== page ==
Messing about on your land - the joys of owning a big garden/ plot/ telek

Old Aug 24th 2018, 12:20 pm

One of the best things about buying a property in Hungary is that you can buy a property that comes with a sizeable garden without paying a fortune. There's plenty of land for the size of the population. Sure, I've done living in apartments in Budapest - I had 4 years of that - and it suited me fine as a younger single guy more interested in pubs & girls than looking after a garden. But once we got our place in the Pilis hills, I really got into gardening and it really has become one of the most satisfying elements of life in Hungary. You don't have to be particularly rich to afford a decent patch of land. The family houses in our village typically come with about 800-1000 sq m of garden, so there's plenty to keep you busy. I added on a couple more empty plots to enlarge our garden, which is something under a hectare, quite a bit of it jungle but the rest now mature garden. No bragging rights here, the 2 extra plots were not planning plots (= a bit more expensive) but orchard & garden classified, plus this was nearly 20 years ago so they were very cheap. It used to be quite easy to pick up an empty/ with shed/ with shack plot of 1000 sq m for about 3-4 million Ft, now it's a bit more but still reasonable, maybe 8 million Ft would get you something you could call a great holiday home if you were prepared to live in a comfortable wooden house/ gas, elec, water, satellite TV, phone/ broadband, 1000 sq m garden, 45-50 mins drive to central Budapest. That's the Pilis villages for you. Full size modern family homes will cost a lot more but they do tend to come with a great big garden.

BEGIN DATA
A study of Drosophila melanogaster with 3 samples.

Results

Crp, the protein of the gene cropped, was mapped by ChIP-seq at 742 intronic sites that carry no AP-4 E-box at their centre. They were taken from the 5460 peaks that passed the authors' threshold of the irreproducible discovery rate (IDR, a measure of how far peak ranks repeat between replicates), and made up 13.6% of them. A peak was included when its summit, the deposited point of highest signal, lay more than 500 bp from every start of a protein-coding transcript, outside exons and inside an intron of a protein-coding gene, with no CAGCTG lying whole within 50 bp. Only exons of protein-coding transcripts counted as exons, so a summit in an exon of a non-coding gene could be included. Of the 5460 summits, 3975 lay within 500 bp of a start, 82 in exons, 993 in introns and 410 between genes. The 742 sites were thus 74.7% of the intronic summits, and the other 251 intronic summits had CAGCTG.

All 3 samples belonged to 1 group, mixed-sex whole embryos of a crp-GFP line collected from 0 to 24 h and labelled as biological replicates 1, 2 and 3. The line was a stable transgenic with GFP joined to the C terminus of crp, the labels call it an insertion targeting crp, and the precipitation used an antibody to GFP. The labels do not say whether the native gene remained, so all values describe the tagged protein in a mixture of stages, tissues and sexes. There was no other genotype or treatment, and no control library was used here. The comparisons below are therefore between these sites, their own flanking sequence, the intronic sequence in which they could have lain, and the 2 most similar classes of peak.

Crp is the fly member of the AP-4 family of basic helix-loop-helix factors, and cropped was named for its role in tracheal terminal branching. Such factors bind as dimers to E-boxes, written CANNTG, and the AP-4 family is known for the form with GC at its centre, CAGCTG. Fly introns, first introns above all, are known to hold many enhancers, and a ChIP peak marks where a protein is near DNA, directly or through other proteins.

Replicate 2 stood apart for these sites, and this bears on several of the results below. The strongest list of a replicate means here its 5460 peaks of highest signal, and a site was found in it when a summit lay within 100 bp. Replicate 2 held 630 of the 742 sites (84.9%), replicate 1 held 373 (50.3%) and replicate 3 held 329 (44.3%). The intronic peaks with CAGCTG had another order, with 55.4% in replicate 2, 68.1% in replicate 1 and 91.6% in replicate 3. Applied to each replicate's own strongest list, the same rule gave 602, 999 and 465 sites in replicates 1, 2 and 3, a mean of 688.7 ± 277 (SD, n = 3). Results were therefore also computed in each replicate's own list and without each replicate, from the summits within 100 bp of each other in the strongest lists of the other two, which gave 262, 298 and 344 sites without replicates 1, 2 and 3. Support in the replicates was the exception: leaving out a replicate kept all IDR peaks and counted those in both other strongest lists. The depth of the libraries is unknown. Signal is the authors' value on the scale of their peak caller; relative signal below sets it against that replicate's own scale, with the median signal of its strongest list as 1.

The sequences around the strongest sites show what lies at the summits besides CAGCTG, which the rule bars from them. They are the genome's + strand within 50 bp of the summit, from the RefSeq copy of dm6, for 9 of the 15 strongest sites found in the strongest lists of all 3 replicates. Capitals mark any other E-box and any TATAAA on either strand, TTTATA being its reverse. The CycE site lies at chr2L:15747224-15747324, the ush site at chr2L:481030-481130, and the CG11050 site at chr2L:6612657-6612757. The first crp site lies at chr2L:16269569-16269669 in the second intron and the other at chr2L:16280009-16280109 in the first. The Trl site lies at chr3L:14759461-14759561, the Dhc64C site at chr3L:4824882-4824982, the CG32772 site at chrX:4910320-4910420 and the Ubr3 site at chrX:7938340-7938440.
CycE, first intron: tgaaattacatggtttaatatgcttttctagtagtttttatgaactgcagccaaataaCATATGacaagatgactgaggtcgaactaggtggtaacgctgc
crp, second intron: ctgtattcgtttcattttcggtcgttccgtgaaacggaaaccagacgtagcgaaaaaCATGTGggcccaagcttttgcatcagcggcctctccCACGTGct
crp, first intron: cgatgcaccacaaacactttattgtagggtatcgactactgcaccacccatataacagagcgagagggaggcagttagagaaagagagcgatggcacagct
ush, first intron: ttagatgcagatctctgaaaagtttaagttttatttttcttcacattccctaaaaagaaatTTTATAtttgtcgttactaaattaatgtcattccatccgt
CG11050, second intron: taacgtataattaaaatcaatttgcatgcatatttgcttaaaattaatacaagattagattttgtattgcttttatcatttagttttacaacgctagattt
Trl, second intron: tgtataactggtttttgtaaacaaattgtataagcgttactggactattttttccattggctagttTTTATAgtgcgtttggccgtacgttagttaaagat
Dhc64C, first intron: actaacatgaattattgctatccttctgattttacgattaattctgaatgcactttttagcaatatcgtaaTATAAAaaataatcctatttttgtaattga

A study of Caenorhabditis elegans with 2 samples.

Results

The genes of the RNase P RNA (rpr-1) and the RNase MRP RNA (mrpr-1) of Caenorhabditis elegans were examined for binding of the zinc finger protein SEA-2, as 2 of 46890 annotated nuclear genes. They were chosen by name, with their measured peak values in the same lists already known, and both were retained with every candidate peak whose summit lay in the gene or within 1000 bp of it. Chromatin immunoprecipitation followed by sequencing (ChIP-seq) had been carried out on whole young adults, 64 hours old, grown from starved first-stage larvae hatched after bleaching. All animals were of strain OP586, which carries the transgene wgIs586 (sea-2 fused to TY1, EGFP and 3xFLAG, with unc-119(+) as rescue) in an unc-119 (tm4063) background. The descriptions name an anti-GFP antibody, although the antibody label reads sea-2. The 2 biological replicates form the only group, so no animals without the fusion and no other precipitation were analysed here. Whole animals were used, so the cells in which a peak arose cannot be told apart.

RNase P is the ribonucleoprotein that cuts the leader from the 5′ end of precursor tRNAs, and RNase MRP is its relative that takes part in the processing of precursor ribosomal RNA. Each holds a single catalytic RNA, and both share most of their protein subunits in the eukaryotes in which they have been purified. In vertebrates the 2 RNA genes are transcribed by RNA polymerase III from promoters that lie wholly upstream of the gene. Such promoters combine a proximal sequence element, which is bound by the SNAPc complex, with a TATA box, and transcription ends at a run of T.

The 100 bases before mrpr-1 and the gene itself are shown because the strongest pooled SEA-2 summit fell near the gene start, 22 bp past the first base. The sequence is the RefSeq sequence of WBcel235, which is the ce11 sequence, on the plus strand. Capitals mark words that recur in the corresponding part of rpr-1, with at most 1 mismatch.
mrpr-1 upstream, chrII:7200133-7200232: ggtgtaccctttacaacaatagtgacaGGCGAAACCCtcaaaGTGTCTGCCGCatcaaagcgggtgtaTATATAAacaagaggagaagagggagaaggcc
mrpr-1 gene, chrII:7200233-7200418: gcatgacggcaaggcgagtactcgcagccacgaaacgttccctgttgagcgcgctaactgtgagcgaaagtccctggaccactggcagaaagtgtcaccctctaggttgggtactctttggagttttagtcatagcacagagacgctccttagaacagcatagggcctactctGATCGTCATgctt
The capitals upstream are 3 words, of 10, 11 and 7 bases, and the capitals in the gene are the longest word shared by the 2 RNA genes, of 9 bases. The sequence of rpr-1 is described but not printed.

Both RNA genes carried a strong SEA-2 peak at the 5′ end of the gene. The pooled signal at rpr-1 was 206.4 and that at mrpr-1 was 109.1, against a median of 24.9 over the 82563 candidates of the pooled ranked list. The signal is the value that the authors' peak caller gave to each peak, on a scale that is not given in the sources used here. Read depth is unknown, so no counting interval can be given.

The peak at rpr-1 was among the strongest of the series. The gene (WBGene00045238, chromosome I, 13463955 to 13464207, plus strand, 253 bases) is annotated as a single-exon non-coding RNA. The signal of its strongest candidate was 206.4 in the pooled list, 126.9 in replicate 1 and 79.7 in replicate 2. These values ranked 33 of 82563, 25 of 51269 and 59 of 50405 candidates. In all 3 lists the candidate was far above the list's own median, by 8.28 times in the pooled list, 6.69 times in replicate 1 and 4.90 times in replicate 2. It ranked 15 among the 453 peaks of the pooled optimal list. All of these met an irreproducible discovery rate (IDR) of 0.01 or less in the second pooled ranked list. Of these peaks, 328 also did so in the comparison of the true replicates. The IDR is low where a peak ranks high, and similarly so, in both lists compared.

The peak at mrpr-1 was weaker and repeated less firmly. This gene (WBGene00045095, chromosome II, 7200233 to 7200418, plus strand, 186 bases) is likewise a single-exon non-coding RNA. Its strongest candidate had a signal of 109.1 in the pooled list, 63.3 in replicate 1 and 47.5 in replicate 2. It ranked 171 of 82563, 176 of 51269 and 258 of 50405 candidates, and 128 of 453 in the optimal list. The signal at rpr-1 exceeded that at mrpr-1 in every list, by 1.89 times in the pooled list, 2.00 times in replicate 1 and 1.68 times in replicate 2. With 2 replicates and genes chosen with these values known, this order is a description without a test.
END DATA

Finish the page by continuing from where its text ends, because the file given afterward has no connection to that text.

So I spend my holidays messing about in the garden, planting stuff, getting it looking right, pruning, making terraces on the hilly bit, mowing. It does help that I have got 2 strapping lads 15 & 17 who have got pretty good gardening skills now & are happy to be paid in Diet Coke! We can roll up at May/ June half term - when the grass will be knee high - and get the mowers out & the place looking shipshape in a day between the 3 of us. I don't measure my steps ho ho (people who do that amuse me! my father for one - get some proper exercise for heaven's sake!) - but if I did I reckon I'll be walking 5 kms a day just going round the garden doing stuff and admiring bit & pieces. My pride & joy this holiday is the 3 big metal posts (in a 7 shape) that I concreted in with my lads last week, & I've planted 3 Nero grapevines. Not sure if this is Nero d'Avola variety (seems likely) but I tasted Nero grapes at my mate's plot on Sunday and they were very sweet & definitely ready now (ie mid-August, perfect for summer hols), I think Nero d'Avola is meant to be slightly more astringent ie that's why it's good for making wine? Anyway, this Nero variety will make a perfect table grape, sweet as. I've also planted a big peach tree, variety Champion. https://www.starkbros.com/products/f...on-white-peach - I think I'll get peaches next year, it's that big a tree - cost me 6000 Ft but worth it for a slightly older tree, I'd say it's 3 years old.

Yes, a garden can be quite something here - but it's also a lot of work!
Over the years my wife and I have "diversified" in fruits:

We have cherries and sour cherries - when there's too many of them I put them into one or more "Rum pots".
The same goes for raspberries and blackberries - strawberries are too much work, we only have a few.
Then of course apricots and peaches, apples (summer apples and winter apples), pears and different variesties of grapes.
For us it was important to have the fruit ripening at different times, so that harvesting is a long term thing.
And we also have walnuts and figs - if the weather is hot like this year.
Our young ones and other family members of course enjoy the fruits too - and they like to help with harvesting because the home grown is much better than what you buy in a supermarket.